Why is there a need for Life Skills Education?
The host of factors that promote high risk behaviour such as alcoholism, drug abuse and casual relationships are boredom, rebellion, disorientation, peer pressure and curiosity.
The psychological push factors such as the inability to tackle emotional pain, conflicts, frustrations and anxieties about the future are often the driving force for high risk behavior.
Life skills training is an efficacious tool for empowering the youth to act responsibly, take initiative and take control. It is based on the assumption that when young people are able to rise above emotional impasses arising from daily conflicts, entangled relationships and peer pressure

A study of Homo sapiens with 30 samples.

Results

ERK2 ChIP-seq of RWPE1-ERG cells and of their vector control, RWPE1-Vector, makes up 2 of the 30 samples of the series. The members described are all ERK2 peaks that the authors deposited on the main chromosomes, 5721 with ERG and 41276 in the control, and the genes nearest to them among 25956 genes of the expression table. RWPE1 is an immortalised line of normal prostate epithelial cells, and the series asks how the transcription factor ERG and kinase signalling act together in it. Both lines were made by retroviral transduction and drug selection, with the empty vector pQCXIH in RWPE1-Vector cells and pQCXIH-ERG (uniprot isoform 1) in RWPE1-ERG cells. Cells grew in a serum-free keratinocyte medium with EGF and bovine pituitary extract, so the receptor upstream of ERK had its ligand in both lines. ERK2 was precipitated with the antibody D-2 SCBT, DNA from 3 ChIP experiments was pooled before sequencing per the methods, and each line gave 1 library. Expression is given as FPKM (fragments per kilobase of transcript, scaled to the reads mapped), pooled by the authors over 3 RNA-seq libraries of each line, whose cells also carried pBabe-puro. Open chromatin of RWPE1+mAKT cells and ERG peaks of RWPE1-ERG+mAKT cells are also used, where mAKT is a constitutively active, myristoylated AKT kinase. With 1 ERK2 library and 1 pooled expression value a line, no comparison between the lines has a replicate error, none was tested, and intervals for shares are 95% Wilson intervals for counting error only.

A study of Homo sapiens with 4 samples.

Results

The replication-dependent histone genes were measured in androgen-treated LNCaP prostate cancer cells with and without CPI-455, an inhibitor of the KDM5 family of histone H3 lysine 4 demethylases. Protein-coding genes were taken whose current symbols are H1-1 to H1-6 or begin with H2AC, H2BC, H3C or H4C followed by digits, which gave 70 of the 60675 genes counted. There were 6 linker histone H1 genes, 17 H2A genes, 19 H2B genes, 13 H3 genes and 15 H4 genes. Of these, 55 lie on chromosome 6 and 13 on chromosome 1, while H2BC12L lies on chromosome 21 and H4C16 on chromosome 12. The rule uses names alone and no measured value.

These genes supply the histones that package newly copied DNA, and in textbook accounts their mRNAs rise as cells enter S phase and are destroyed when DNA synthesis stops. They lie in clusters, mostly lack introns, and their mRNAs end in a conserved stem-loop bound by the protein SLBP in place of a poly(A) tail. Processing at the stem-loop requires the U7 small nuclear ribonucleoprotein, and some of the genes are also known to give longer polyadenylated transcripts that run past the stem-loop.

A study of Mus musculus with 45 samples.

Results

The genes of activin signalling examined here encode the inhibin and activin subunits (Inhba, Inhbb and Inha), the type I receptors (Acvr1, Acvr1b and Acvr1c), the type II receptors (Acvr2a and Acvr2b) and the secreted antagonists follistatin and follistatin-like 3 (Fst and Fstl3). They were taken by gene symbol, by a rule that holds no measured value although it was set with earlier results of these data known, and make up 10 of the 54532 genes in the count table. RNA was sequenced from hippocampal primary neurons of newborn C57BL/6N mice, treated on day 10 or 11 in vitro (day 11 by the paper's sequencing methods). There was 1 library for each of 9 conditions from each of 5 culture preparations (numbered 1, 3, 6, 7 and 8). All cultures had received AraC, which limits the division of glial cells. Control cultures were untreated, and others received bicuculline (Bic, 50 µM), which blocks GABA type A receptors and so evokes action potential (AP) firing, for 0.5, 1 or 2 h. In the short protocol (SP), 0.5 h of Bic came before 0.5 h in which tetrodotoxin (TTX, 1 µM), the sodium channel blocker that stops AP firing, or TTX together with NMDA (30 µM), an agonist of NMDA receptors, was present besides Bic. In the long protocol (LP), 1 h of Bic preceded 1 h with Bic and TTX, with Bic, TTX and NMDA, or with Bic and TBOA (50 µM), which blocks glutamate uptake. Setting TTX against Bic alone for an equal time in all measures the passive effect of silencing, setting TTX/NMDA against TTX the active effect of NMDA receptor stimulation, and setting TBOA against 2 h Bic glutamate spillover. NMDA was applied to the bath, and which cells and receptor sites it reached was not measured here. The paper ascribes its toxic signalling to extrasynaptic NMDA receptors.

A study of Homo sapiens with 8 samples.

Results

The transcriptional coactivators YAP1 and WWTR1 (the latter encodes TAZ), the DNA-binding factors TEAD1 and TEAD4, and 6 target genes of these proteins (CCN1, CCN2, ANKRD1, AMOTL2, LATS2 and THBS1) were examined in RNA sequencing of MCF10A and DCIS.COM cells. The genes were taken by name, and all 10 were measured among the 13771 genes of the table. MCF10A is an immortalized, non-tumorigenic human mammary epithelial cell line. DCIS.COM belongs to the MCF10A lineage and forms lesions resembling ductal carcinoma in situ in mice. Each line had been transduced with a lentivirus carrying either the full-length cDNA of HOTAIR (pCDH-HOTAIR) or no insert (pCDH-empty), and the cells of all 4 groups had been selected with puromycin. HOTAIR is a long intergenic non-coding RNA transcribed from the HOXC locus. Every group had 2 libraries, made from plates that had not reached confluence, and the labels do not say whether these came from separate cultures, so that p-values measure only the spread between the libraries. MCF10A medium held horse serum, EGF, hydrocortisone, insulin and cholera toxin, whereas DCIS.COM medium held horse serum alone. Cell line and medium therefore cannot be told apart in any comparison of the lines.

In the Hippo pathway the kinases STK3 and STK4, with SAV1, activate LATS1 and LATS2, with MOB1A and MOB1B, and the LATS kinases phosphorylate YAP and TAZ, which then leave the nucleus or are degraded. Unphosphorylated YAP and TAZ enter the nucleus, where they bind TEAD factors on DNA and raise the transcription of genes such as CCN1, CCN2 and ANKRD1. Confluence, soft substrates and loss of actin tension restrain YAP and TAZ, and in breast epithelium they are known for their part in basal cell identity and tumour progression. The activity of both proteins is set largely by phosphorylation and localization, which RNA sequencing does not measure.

The Need for Life Skills Training in India
Our education system mostly focuses on academic and rote learning. Students have little access to education that will help them grow as individuals and work on their intrapersonal and interpersonal skills. In India awareness about life skill is still at the ground level.
Central Board of Secondary Education (CBSE), in 2005, introduced life skills education as an integral part of the curriculum through Continuous and Comprehensive Evaluation (CCE) for classes 6 to 10 and developed life skills manuals for teachers While there have been dispersed efforts around life skills, focus on curriculum integration and teacher development remains poor.
Many of these efforts take a general approach to ‘life skills information delivery’ (sometimes more as moral/values education) without a particular context. The Need for Life Skills Training Our education system mostly focuses on academic and rote learning. Students have little access to education that will help them grow as individuals and work on their intrapersonal and interpersonal skills.